A new position paper published in the journal Osteoporosis International by the International Osteoporosis Foundation (IOF) fracture working group, which urges for the routine use of vertebral fracture assessment (VFA) within post-fracture care coordination programmes such as fracture liaison services (FLS).
According to the IOF, VFA is a tool available on modern dual-energy X-ray absorptiometry (DXA) scanners which allows the detection of previous vertebral fractures by providing a lateral view of the spine during a regular DXA bone mineral density measurement of the hip and spine.
Willem Lems (Amsterdam University Medical Center, Amsterdam, The Netherlands), lead author of the position paper, states: “Vertebral fractures are independent risk factors for future vertebral and non-vertebral fractures. Yet the majority occur without the signs and symptoms of an acute fracture, and they often remain undetected. Routine use of VFA technology would allow fracture liaison services to detect more undiagnosed vertebral fractures and to identify, assess and monitor more high-risk patients in need of treatment.”
The IOF report that VFA detection of occult vertebral fractures in the FLS offers a valuable opportunity to further refine fracture risk assessment and to tailor treatment accordingly. The foundation further adds that awareness of baseline vertebral fractures facilitates definition of true new vertebral fracture events occurring during anti-osteoporosis treatment, and therefore enhances optimal monitoring and informs decisions regarding adjustment therapy.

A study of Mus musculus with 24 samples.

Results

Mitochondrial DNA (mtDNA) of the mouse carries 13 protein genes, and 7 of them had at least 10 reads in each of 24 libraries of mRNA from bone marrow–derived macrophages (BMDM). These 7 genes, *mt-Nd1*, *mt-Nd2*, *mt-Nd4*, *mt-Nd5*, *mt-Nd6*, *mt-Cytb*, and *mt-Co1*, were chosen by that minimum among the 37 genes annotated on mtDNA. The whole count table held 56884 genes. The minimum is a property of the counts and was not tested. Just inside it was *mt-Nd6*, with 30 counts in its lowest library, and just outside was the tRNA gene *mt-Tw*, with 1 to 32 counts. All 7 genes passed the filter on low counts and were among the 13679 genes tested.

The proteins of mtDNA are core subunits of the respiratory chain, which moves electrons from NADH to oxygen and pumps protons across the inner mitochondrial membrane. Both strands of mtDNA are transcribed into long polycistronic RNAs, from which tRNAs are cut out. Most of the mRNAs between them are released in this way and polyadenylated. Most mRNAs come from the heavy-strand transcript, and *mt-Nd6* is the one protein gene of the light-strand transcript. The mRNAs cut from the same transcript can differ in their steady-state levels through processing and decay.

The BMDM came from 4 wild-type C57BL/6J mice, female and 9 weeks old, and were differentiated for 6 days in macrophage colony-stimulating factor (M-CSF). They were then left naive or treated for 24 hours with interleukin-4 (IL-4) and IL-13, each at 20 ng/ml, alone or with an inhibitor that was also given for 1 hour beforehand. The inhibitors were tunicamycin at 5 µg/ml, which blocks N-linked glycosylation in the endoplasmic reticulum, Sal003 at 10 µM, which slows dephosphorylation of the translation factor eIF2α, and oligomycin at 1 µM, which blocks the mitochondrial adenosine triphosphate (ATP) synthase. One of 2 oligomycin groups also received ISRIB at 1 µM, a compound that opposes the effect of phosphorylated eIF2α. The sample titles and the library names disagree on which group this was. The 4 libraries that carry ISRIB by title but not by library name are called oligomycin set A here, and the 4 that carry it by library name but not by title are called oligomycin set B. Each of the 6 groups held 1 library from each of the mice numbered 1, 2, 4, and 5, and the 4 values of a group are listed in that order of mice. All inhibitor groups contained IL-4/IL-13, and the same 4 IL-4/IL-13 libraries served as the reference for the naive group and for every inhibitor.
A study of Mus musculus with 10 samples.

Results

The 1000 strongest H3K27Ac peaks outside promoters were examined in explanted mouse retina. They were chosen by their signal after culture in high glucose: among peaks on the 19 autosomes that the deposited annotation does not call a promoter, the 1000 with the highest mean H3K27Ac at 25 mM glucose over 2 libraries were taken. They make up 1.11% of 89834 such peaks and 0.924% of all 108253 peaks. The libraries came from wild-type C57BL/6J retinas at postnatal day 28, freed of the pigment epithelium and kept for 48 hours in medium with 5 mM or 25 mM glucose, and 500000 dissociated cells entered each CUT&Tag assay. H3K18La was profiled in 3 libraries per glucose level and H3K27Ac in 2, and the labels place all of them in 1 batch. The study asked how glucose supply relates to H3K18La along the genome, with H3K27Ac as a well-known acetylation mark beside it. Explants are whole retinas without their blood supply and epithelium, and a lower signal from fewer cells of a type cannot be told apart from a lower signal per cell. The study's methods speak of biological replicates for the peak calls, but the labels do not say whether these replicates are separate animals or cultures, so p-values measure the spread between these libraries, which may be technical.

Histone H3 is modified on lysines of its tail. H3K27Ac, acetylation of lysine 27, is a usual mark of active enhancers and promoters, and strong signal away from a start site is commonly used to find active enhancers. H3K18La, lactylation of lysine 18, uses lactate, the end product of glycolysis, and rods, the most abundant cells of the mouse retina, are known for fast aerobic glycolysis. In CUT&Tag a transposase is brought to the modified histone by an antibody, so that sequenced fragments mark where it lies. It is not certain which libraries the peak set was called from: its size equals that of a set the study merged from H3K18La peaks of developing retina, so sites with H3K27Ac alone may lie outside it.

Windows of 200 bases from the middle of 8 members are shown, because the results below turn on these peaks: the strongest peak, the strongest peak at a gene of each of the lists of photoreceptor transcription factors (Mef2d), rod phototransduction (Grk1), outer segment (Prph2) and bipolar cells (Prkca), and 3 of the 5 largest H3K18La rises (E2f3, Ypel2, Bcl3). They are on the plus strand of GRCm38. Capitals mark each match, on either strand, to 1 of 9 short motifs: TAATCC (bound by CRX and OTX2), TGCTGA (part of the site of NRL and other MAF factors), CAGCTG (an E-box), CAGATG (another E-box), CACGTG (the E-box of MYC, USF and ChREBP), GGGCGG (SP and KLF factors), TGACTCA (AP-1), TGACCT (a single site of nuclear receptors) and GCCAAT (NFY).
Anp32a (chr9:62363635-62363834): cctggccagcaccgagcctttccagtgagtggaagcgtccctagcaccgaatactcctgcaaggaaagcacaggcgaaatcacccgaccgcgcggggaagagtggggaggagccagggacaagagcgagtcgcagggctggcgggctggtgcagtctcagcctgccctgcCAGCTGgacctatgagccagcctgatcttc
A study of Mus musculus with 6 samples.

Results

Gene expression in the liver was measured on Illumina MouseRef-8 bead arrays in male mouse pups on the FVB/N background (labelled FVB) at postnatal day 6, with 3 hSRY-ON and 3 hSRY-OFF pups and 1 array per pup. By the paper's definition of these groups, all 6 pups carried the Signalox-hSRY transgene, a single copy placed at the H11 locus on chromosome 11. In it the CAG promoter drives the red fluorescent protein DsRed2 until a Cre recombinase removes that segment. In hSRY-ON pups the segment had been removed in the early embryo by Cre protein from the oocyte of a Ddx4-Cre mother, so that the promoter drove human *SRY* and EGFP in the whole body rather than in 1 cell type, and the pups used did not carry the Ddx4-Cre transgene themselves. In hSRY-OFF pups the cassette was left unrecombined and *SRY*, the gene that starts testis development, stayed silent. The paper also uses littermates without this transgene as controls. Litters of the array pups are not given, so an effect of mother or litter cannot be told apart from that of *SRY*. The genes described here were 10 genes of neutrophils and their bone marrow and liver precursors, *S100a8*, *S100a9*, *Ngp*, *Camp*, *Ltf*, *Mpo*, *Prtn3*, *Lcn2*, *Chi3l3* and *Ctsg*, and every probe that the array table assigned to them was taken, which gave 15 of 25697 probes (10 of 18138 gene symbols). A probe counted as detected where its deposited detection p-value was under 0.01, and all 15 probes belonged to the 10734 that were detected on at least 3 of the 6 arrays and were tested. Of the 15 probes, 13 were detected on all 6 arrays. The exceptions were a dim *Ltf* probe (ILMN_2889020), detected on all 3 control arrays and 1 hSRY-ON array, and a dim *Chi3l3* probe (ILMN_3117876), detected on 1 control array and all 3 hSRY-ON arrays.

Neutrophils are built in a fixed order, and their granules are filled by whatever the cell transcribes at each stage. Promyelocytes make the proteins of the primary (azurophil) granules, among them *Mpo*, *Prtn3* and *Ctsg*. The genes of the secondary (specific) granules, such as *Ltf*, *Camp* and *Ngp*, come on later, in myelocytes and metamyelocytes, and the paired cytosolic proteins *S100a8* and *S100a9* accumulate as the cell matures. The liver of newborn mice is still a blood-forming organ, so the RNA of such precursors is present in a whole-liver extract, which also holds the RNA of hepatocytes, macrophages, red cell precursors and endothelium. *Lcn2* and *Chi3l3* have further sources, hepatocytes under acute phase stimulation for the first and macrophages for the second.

Authors of this paper conclude by proposing that DXA-VFA be performed in all patients visiting an FLS.
Nicholas Harvey (University of Southampton, Southampton, UK), co-author and chair of the IOF Committee of Scientific Advisors, notes: “This position paper, the result of the close international collaboration between colleagues in the IOF Fracture Working Group and the MRC Lifecourse Epidemiology Unit, University of Southampton, documents the substantial potential for the improved detection of vertebral fractures within fracture liaison services. The findings are perfectly synergistic with recent guidelines from IOF and ESCEO (The European Society for Clinical and Economic Aspects of Osteoporosis, Osteoarthritis and Musculoskeletal Diseases) which set out a personalised medicine approach to treatment based on level of fracture risk. VFA thus offers a useful tool in the FLS with which to further characterise risk and so select the most appropriate treatment for an individual patient.”